It’s the window tint nightmare of all nightmares. Bubbled, purple, nasty window tint on a rear window!
But what can you do about it and is it even advisable to tackle this job yourself?
Removing old tint from a rear window is one of the most challenging jobs you will encounter.
If you attempt to remove the window tint simply by peeling, you’ll probably end up with a sticky mess on the glass that will take several hours to remove.
The rear defroster may or may not survive the process, and undoubtedly you will spend a great deal of time and elbow grease in the process.
Since 1989, my company Fletch Window Tint has removed thousands of feet of old bubbled up window tint. While there is no easy way to remove that old film, we will provide you with some tips that might keep you from throwing in the proverbial towel.
The first consideration is do you even want to attempt this job on your own?
Depending on the age of the film, whether or not it has delaminated, and the quality of the film, you may run a high risk of damaging or even LOSING your rear window defroster. You see, a rear defroster is a small grid made of a mixture of metal and resin that is attached to the glass with an adhesive. Sometimes the old window film will attach itself so well, that when you remove it, you also remove the defroster. This might be a good enough reason to leave this job to the professionals. However even professional window tinters cannot guarantee that your rear defroster will stay intact during the process.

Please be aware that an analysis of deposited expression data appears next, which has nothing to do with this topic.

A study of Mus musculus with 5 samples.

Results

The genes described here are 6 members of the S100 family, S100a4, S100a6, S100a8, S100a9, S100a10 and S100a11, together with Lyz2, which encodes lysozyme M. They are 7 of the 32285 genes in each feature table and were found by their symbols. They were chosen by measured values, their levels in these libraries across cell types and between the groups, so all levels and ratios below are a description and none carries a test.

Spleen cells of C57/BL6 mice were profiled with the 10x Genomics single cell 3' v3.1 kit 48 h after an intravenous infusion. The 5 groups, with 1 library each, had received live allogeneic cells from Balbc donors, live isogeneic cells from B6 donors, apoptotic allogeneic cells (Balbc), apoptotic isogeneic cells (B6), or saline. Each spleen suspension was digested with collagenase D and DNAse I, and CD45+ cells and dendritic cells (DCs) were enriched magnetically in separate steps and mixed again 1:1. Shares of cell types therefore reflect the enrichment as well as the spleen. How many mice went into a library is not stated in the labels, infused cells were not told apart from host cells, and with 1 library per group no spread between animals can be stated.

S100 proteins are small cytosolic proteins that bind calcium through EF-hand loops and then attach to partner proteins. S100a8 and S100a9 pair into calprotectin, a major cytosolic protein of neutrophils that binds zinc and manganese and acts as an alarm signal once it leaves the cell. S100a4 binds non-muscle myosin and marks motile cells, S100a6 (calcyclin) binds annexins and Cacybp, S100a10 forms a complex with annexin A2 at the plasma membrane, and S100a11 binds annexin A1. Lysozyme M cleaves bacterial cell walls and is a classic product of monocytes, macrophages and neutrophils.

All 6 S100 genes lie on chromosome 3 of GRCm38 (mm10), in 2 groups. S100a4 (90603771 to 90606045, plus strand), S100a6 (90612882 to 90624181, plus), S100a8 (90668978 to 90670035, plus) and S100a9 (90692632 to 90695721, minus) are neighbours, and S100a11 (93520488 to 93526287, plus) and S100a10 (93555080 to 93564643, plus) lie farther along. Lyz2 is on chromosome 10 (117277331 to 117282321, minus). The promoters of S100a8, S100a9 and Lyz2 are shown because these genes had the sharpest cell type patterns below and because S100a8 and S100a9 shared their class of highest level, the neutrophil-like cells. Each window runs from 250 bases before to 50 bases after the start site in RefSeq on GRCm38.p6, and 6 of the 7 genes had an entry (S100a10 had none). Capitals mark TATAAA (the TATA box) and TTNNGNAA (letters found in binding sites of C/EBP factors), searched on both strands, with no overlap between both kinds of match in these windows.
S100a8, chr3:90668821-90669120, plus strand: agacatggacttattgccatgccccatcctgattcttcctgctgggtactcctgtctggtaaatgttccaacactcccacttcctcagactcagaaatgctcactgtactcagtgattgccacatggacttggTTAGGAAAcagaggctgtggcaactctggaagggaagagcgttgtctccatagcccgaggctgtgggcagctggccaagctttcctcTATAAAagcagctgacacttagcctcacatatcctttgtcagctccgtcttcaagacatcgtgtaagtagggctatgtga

But if bravado has gotten the best of you and you want to give it a try… Well here are some tips:
SUN AND AMMONIA TECHNIQUE
This technique requires a sunny day. If you live in an area where it’s too cloudy to heat the rear window, consider alternative techniques.
Cut two black garbage bags in roughly the shape of the window. Spray soapy water on the outside of the window and cover it with one of the black trash bags. Smooth the plastic flat.
Protect all inside surfaces near the window with a tarp: speakers, rear light, and upholstered surfaces, and wear a face mask. Mix a 50/50 mixture of ammonia and water in a spray bottle. Ammonia fumes can be harmful and different individuals will respond differently to exposure to the fumes.
While the ammonia is still wet, trap the ammonia against the window film with one of the cut trash bags, while leaving the remaining trash bag on the outside of the glass. When left under the hot sun, the garbage bags will absorb heat, helping the film peel off in one piece.
Start peeling the window film. Use your fingernail or razor blade to lift the window film in a corner of the window, and try to peel the film off in one entire piece. Be careful not to cut the defroster lines. Keep the tint moist with ammonia as you strip. Use a razor blade to scrape off any tint that did not peel.
Remove any residual adhesive with ammonia and very fine steel wool, then wipe the surface with a paper towel before it dries. Remove the exterior trash bag, and clean the window thoroughly with glass cleaner.
At Fletch Window Tint we are dedicated to educating and informing our customers on the latest techniques and products available for window tinting. Since 1989 we have installed over 1 million square feet of film in Texas. If you have any questions feel free to contact us.